Macau Casino Employees Banned from Entering Outside of Work Hours

Macau skyline at night

It has taken a while to implement, but casino workers in Macau have now been banned from entering or remaining in gambling facilities outside of their work hours, according to numerous news outlets.

The Macau Legislative Assembly amended Law No.10/2012, which affects rules about the comings and goings of workers in casinos. The rules will now prohibit employees who handle betting machines, cashier, workers who sell food and drink, and security guards, among others, from entering casino premises when off duty.

Questions about implementation

The revision of the 10/2012 law has been somewhat controversial, and not just because it could be difficult to enforce, according to critics of the updated legislation.

Officials have said they will implement the new rule by carrying out randomized spot checks on those entering casinos. According to Inside Asian Gaming, the Gaming Inspection and Coordination Bureau Director Paulo Martins Chan has said the agency will hire new members of staff whose role will center specifically on the task of inspecting casinos for compliance with the new rule. He also said that casino operators will be required to assist with monitoring and third parties will be invited to report violations, as well.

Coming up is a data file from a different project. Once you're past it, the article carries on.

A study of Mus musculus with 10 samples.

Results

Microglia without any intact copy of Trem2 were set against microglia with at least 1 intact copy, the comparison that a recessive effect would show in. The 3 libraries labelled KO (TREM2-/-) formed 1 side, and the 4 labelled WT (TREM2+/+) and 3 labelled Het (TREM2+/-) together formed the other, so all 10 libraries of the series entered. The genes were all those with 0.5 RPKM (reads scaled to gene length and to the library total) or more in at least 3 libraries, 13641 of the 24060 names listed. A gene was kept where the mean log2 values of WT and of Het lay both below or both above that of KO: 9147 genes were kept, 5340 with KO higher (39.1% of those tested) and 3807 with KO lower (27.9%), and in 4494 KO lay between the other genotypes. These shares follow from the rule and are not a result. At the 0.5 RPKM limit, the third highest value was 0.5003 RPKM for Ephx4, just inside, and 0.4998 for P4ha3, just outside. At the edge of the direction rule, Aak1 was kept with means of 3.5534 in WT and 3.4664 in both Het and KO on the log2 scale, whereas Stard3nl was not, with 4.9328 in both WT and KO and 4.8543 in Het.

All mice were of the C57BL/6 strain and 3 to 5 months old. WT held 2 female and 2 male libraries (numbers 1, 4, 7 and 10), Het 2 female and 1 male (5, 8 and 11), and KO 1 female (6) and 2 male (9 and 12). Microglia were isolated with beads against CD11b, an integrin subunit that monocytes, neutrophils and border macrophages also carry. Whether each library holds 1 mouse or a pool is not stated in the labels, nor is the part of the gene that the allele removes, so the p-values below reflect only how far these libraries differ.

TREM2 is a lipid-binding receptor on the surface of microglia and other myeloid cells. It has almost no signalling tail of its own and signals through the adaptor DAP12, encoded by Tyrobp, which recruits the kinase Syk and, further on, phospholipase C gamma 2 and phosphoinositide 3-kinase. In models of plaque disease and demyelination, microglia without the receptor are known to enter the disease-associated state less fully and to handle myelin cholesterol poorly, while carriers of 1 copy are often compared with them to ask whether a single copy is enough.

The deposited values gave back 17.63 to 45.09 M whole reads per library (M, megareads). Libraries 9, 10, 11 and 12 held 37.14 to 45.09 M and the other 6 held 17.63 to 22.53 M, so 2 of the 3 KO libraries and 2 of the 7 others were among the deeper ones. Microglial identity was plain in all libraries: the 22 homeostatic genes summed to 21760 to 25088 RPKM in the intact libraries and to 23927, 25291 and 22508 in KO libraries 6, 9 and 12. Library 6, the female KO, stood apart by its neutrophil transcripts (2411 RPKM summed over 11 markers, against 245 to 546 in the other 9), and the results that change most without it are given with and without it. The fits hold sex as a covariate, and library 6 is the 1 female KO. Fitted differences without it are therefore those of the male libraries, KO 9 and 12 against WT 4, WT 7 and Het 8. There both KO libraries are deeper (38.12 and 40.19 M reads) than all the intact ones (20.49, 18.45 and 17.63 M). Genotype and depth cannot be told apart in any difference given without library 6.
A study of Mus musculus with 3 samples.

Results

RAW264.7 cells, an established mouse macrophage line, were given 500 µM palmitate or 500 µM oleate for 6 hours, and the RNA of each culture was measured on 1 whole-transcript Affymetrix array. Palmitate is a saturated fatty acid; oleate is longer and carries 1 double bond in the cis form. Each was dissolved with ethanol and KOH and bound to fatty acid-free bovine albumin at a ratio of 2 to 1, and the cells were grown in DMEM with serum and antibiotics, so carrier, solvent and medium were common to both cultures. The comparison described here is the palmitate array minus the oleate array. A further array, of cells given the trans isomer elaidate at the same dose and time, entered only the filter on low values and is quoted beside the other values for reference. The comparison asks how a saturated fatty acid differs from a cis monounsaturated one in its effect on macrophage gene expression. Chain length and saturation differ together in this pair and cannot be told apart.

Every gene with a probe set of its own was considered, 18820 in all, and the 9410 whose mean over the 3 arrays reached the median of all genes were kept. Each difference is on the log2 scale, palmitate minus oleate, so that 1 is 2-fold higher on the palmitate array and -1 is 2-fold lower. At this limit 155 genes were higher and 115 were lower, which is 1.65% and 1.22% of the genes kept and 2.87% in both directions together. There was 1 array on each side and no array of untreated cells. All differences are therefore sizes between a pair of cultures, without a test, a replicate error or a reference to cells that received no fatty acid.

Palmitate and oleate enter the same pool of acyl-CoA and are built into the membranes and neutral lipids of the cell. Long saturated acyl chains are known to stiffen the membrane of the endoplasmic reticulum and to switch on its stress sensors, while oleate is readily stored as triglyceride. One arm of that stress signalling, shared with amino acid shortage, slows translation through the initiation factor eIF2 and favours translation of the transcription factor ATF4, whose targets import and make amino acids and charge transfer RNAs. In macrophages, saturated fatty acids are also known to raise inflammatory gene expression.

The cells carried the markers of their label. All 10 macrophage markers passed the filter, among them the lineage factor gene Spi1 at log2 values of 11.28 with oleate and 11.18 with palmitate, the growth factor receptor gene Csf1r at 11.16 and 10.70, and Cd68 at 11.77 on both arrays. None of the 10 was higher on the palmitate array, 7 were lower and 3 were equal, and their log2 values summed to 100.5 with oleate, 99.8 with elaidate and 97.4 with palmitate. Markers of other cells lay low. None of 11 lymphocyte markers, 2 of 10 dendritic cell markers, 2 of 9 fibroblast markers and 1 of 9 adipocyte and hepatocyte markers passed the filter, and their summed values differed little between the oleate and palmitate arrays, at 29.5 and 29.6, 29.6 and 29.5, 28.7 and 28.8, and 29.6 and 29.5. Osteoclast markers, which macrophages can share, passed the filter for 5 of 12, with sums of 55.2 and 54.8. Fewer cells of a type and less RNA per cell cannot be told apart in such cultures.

Proposals have also included using facial recognition technology and having security personnel on hand to survey CCTV installed in all premises, but those plans appear to have been placed on the back burner, at least for now. Workers will only be allowed to enter on the days they work, but exceptions have been made for the first three days of the Lunar New Year, as well as some other unique occasions throughout the year. The ruling has taken some common sense into account as it has recognized the need for training and other work-related necessities.

Other rules also updated

The amendment also further clarifies restrictions placed on those entering casinos, which have been simplified to include those under the age of 21. It is not expected that these new regulations will be implemented until late 2019 or even early in 2020.

Critics have raised concerns that the restriction on workers’ ability to enter casinos freely discriminates against them. According to the Macau News Agency, Jose Pereira Coutinho, a member of the Assembly, said it is uncertain how the new regulations will affect VIP rooms, which are regulated differently than casinos and gaming promoters. There may also be issues with how satellite casinos are regulated because the operators may fall under different regulations that make them exempt from the updates.

The measures have the goal of reducing problem gambling among particularly vulnerable groups, including young people and gambling workers in the Special Administrative Region. It is estimated that 30% of those who seek government help for problem gambling are actually casino workers themselves. Constant exposure to gaming may account for the high level of problem gamblers among the group, but they could also be under the false impression that they have insider knowledge of how the games work, leading them to believe they can win more frequently than they actually will. Under the new legislation, those who breach the new rules will be subject to fines ranging from $124 to $1,240.